Published: Wednesday, April 2 2014 12:00 a.m. MDT

Since the Great Recession, the bland (often unstated) premise has been that the economy would ultimately recover in full. Now, some economists question this and argue that the economic crisis created — or exposed — enduring weaknesses.

Richard Drew, AP


Since the Great Recession, the bland (often unstated) premise has been that the economy would ultimately recover in full. Now, some economists question this and argue that the economic crisis created — or exposed — enduring weaknesses. We're at a turning point. Even when producing at "full capacity," the economy will grow more slowly than in the past or than had been expected.

If true, this cannot be good. Economic growth serves as a political and social lubricant. It makes public and private goals more affordable and achievable. Slower growth would dampen gains in living standards. It would make it harder to reduce budget deficits without tax increases. It could threaten inflationary bottlenecks, as the economy hits maximum output before attaining "full employment" at, say, 5 percent unemployment. This would complicate the Federal Reserve's policymaking.

To be fair, there's no consensus. One prominent dissenter is Mark Zandi of Moody's Analytics. In congressional testimony, Zandi said he expects the economy's growth to accelerate in 2014 to 3 percent and to 4 percent in 2015, up sharply from the 2 percent pace since the recovery's start. More spending on housing and business plants and equipment will boost growth, he said. Financial conditions are favorable. Households have repaid debt; banks are well-capitalized. Once the economy improves, fears of a growth slowdown will recede like "a passing cloud."

Economists' pessimism emerges from their projections of "potential GDP." GDP (gross domestic product) is the economy's total output. Potential GDP is an estimate of what could be produced when everyone who wants a job has one and when businesses are operating at maximum capacity. Two factors govern the growth of potential GDP: changes in the number of workers (and time spent on the job) and changes in labor productivity. Productivity means "efficiency" and reflects many influences (technology, worker skills, management quality).

Potential GDP's growth represents the economy's speed limit when it's near peak capacity. Trying to grow faster, it's argued, will create shortages of workers, goods and services — and raise inflation. Even before the Great Recession, economists had lowered estimates of potential GDP, reflecting the anticipated exit of baby boomers from the labor force. But the recent revisions go beyond this widely predicted shift.

To take one example: Economists at Morgan Stanley cut their estimate of potential GDP growth from 2.5 percent annually to 2 percent. This compares with potential GDP's actual annual growth of 3.2 percent from 1991 to 2001. These changes may seem small, but they're huge when repeated year after year. Consider the Congressional Budget Office's recent re-estimate of potential GDP for 2017. The new estimate reduces GDP by 7 percent from an estimate made in 2007. That's equivalent to $1.5 trillion in lost wages, salaries, dividends and taxes. Although these forecasts are only educated guesses, they are increasingly downbeat.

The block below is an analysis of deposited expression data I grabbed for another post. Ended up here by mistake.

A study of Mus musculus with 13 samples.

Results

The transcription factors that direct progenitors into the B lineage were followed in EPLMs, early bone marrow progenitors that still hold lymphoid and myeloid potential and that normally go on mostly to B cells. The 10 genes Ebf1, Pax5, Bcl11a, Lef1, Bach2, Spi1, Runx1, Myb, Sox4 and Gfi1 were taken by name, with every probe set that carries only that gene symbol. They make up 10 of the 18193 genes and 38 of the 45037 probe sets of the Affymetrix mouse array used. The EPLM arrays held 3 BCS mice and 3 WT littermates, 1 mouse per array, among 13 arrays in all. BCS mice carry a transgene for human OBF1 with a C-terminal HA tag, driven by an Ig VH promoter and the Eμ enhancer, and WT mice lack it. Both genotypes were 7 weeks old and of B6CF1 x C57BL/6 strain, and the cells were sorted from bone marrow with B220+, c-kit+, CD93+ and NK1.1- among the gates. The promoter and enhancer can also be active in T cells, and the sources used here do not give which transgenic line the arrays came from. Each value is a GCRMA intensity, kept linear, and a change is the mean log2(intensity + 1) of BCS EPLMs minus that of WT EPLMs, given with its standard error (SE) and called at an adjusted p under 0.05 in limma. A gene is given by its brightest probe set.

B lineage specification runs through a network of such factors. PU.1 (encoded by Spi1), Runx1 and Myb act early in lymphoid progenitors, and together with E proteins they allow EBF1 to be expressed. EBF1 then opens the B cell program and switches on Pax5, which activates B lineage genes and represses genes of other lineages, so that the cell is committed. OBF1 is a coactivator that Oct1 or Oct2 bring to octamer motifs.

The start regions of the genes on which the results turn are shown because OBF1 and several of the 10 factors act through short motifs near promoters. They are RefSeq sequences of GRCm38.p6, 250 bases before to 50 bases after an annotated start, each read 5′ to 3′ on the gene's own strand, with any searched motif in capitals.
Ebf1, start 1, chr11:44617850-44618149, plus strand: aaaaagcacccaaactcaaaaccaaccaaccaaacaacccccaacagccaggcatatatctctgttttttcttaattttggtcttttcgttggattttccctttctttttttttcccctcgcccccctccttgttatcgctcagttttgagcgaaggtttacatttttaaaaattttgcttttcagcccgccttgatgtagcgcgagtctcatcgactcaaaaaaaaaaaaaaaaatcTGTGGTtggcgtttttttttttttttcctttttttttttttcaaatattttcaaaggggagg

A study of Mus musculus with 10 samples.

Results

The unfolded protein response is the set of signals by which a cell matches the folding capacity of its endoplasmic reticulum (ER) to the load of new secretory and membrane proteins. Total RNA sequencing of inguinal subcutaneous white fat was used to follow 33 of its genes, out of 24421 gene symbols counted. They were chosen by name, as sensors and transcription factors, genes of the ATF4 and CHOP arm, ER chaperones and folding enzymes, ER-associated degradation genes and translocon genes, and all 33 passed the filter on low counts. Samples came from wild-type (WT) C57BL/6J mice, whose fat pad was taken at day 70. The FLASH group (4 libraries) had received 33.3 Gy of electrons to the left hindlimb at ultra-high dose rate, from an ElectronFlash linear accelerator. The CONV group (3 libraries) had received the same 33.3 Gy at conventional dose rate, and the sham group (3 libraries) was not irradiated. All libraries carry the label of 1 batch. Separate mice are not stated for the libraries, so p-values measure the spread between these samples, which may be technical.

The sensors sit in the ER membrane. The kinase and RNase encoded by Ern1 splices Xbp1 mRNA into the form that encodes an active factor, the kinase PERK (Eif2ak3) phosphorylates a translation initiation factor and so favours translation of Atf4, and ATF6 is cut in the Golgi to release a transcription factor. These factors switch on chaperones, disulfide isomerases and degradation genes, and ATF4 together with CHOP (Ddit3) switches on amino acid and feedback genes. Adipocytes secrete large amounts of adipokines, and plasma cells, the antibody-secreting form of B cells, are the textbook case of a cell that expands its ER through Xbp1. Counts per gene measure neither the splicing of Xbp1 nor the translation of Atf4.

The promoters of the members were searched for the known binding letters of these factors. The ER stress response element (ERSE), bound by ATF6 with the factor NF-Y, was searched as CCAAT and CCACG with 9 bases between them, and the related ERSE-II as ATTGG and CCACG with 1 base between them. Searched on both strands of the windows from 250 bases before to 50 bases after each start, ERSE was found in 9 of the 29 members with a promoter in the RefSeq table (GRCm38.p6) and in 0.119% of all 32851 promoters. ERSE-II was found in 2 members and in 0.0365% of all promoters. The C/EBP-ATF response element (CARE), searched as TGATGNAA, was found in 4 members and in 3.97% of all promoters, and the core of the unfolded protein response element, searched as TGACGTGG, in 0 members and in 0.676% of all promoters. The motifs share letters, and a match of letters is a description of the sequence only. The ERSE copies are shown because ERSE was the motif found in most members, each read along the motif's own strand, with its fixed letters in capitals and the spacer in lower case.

Possible explanations abound. The economic crisis may have degraded — for the foreseeable future — the economy's psychology and mechanics. Labor force growth has dropped, as some of the discouraged unemployed take early retirement or simply stop looking for a job. Cautious companies have curbed their investment spending; this threatens productivity growth. Another possibility is that the economy's slowdown started before the crisis but was obscured by the artificial stimulus caused by the credit bubble.

Other theories are unrelated to the crisis. Economist Robert Gordon of Northwestern University has argued that, since the early 1970s, technological advances have lagged and that the Internet boom of the 1990s was only a brief interruption. Naturally, productivity growth has suffered. Nobel Prize-winning economist Edmund Phelps of Columbia University, in his book "Mass Flourishing," identifies a clash of values between what's required for faster economic growth and what's desired for personal security.

"Increasingly, the processes of a nation's innovation — the topsy-turvy of creation, the frenzy of development, and painful closings," he writes, are seen as something "that we are unwilling to endure any longer."

The issue is whether the financial crisis and Great Recession mark a significant break with America's dynamic economic past. Our ability to influence technology, business practices and worker skills is, at best, limited. Or are today's low expectations a fad: a pessimism bubble that will pop on the first contact with faster growth? The slowdowns in employment and productivity may be consequences, not causes, of weak economic growth. In this view, the resumption of faster growth would automatically improve both. Is the patient still healing — or will injuries persist? On the answer hangs a great deal.

Robert J. Samuelson is a Washington Post columnist.